William David Tucker.

After nearly eight decades, the remains of a World War Two sailor from Bedford will be laid to rest in Iowa.

Graveside services for William David Tucker — who was 19 years old when he was killed while aboard the USS Oklahoma during the Japanese attack on Pearl Harbor — are scheduled for Wednesday morning at 10 at the Bedford Cemetery.

Larry Johnson of Parowan, Utah, is a nephew of Tucker, and was only a year-and-a-half old when his uncle was killed. “He was raised there in Bedford,” Johnson says. “His mother and father were Agnes and William Tucker. They lived on 201 Grant Street when I was a youngster. We spent the summers up there–most of us kids, you know. He graduated from Bedford High.”

After receiving three months of training at the Great Lakes Navy Training Station, Tucker was assigned to the USS Oklahoma as a fireman, working up to a first-class rating a little over one year after he had been in the service. He was transferred to Pearl Harbor, Hawaii in October, 1940.

Johnson says a twist of fate placed Tucker on the ship on that day of infamy one year later. “He was supposed to be on leave that day, from what I understand, and he traded shore leave with a friend of his, and he was just in the wrong place at the wrong time, you know,” Johnson says.

Tucker’s remains were among the unidentified Pearl Harbor dead later buried at the National Memorial of the Pacific at Punchbowl Crater in Honolulu. The U.S. Navy launched a program in 2015 to identify and recover the remains of those killed in the attack, and return them home. Through that program, Johnson says he and a brother provided DNA to the Navy–which ultimately led to a long-awaited breakthrough.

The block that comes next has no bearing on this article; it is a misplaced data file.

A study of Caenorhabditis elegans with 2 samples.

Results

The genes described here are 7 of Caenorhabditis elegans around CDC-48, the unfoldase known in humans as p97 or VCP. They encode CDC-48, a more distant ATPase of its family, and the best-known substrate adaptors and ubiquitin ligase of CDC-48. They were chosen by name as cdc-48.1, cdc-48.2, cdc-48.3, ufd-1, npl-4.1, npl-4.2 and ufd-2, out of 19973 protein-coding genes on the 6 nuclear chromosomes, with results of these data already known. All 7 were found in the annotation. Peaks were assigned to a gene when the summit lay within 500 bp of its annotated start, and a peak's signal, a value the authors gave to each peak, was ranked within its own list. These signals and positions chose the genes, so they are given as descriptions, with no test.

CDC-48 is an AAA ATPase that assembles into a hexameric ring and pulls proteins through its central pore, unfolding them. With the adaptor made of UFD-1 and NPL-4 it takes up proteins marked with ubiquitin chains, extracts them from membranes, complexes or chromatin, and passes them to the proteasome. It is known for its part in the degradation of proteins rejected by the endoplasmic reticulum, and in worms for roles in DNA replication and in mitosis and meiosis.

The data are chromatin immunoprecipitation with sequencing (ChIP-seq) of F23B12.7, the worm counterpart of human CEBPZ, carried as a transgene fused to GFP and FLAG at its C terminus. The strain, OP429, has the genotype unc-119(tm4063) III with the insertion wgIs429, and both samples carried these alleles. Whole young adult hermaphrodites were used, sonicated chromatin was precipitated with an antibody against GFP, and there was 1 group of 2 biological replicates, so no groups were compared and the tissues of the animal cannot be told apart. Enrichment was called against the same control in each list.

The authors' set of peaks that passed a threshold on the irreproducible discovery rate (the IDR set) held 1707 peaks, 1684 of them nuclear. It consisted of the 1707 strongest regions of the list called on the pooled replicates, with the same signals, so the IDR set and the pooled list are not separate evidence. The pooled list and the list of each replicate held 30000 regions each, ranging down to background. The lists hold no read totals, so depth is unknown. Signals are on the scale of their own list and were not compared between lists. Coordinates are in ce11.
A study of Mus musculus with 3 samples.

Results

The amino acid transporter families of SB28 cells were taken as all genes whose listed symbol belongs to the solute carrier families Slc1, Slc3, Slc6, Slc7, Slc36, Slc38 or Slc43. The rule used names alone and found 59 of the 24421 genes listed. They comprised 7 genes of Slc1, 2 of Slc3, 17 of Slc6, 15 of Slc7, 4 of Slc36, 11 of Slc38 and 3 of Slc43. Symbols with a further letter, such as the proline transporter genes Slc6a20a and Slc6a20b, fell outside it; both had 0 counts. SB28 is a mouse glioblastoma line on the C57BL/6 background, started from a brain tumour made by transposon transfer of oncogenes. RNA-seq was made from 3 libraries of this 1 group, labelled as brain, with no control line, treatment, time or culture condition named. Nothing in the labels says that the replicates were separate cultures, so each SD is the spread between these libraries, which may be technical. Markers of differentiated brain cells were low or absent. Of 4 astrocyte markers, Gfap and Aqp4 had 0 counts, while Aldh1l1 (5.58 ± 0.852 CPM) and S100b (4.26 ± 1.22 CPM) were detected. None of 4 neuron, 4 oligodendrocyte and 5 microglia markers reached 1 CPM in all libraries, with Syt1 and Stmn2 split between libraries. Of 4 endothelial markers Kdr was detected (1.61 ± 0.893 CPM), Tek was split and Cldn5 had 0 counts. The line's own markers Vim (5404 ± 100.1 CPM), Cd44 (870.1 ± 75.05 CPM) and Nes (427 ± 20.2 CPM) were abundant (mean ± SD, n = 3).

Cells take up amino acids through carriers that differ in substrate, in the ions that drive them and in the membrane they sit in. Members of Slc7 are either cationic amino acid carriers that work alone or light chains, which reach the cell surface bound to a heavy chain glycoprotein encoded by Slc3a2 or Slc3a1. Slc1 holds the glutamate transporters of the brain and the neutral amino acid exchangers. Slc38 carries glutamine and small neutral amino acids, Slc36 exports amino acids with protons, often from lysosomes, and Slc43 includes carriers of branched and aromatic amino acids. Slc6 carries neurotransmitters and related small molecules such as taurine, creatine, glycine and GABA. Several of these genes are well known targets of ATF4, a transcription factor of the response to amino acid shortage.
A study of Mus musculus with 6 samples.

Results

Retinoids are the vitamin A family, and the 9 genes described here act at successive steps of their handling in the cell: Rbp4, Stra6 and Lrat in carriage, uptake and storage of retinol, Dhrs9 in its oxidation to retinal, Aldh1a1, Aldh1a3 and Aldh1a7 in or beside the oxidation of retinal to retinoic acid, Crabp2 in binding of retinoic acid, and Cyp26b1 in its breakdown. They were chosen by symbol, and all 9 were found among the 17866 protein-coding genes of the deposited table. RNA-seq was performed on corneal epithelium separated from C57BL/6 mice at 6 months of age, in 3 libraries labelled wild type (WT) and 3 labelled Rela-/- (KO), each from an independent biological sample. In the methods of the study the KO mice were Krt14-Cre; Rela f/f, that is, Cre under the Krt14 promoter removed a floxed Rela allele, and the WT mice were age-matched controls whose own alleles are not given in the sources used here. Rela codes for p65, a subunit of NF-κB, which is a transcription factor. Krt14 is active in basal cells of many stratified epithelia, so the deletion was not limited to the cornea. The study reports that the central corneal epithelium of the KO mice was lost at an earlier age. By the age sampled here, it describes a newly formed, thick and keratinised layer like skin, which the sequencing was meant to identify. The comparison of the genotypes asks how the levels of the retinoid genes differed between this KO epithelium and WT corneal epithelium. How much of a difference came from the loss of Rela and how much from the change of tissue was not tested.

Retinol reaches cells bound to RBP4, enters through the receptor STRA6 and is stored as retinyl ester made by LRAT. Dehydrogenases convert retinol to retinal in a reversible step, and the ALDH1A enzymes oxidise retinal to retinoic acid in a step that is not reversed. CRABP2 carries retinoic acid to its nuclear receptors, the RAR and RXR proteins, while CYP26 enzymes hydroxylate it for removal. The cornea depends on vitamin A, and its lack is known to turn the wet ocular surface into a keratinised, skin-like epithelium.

“So, the Navy contacted us last October,” according to Johnson, “and they needed DNA samples to try to get a match. Come to find out I’m the oldest living relative. The identification of the remains was made in December of 2020.”

The Navy elected Johnson and his wife to decide on the final resting place for Tucker’s remains. Johnson says the family decided Tucker’s body should be brought home to Bedford–and provide the sense of closure his family had sought for decades.

“It’s kind of amazing, really, after 80 years,” he says. “You know, it’s been that long. My mother and my other three aunts were his sisters. They never gave up on being able to get any closure, and bring him home.”

The body was recently flown to a Nebraska airbase, then transported to Cummings Funeral Home in Bedford. Tucker will be buried with full military honors. Tucker could be the last Pearl Harbor victim laid to rest under the Navy’s program, which will close on December 7th–the 80th anniversary of the attack.

(By Mike Peterson, KMA, Shenandoah/Photo courtesy of Cummings Funeral Home.)